Thursday, March 27, 2008


I got this Hummer H2 with Mattracks on sale after Christmas. It was only $60. I wanted the Mattracks, which I have now found out that I can order by themselves from Radio Shack (two sets are about $60). I now have three pair.

Lots of folks are using these for
tracks on their robots and they are what my friend StampNut2 is using on his WALL-E robot which you can read about here. It takes a little work to hack them to fit, but they work really well once you do. You can see good picture of them mounted on a BOE-Bot here.

Here is a litte video too that shows the Mattracks in action. This was made by another person who attached them to their BOE-Bot.

Mini Lego WALL-E

I had to post this mini Lego Wall-E that I found while I was surfing the web. I don't know if we have all the parts to make it, but my son would obviously love it. See it here on flickr.

Monday, March 24, 2008

New Robot Designs

Now my son is designing robots like crazy with his Lego parts. Here are his two latest. The first is the Four-legged Walker (the name is self-explanatory).

The second is the Security Sweeper. I like this one the best. The body is a barrel chair from the Krusty Krab Restaurant set. The top (a security camera with dish transmitter) is from one of the Mars Mission sets. Best of all the locomotion (at bottom) is the broom used to sweep up the Krusty Krab. Obviously another pair of ingenious designs.

My son has also taken to commenting on posts here. Look for some of his comments!

Saturday, March 15, 2008

Additions to My Library

I picked up a couple of new books this weekend while on a trip. They're intended to be funny, but educational. Daniel H. Wilson, Ph.D. wrote How to Survive a Robot Uprising while working on his doctorate, and How to Build a Robot Army after earning his Ph.D. from at the Robitic's Institute of Carnegie Mellon University. Wilson says on his website, "I wear a tie and glasses to look very smart and intimidate people who visit my website."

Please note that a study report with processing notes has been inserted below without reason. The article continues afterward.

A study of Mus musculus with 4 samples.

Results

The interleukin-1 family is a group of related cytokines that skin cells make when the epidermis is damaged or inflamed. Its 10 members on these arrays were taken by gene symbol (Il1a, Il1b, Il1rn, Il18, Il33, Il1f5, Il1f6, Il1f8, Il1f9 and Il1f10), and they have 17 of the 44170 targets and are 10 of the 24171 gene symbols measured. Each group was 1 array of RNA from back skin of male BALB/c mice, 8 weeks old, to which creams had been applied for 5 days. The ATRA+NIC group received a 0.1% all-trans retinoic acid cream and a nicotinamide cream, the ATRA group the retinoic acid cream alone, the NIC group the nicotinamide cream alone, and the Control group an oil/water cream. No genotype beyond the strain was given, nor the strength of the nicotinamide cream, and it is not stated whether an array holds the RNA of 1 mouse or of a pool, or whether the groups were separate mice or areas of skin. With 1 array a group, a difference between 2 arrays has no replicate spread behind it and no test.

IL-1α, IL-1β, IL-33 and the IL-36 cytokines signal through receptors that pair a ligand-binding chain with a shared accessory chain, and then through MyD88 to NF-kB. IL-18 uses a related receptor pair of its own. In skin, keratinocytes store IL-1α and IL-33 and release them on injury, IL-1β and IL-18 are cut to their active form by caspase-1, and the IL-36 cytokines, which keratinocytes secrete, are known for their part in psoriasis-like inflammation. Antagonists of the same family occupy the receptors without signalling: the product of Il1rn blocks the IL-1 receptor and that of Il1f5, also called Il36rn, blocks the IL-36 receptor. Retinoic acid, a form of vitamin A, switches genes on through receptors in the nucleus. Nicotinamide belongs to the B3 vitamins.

Both books are illustrated in a campy graphic novel style by Richard Horne. The website for Robot Uprising (linked here) will give you an idea of the book's style, content and how they mix current robotic reasearch with the sci-fi fears about the rapid developing technology. Be sure to check out the e-cards. The books are a lot of fun and filled with great information about the current state of robotics. You can find them here at Amazon.

Tuesday, March 4, 2008

Playing Around

I was playing around the other night with a custom header for this blog. I made this, but I couldn't get all the kinks worked out. Still - it was cool enough to post. I made it from a picture of Parallax's 2x16 Serial LCD. I erased the original text and added the new text in Microsoft PhotoDraw.


It is ironic that I did not start my robotics hobby until I moved to rural Northeast Louisiana. For the previous decade and a half, I lived in the San Francisco Bay area. That is right, minutes from San Francisco, or a short drive to silicon valley, and a few blocks from U.C. Berkeley. Now, my connection to all this things is via the internet. When I see something like this, it is particularly difficult.

RoboGames is the world's largest open robot competition (even the Guinness Book of World Records says so!) The best minds from around the world to compete in over 70 different events. It will be held this year at Fort Mason Center in San Francisco. Combat robots, walking humanoids, soccer bots, sumo bots, and even androids that do kung-fu. Some robots are autonomous, some are remote controlled - they're all cool! Check it out here.

Then again, if I lived in the Bay Area - all my money would be spent on gas and housing. Wonder if my wife would be interested in a "romantic" San Francisco vacation?

Note: The RoboGames description comes from the site linked above.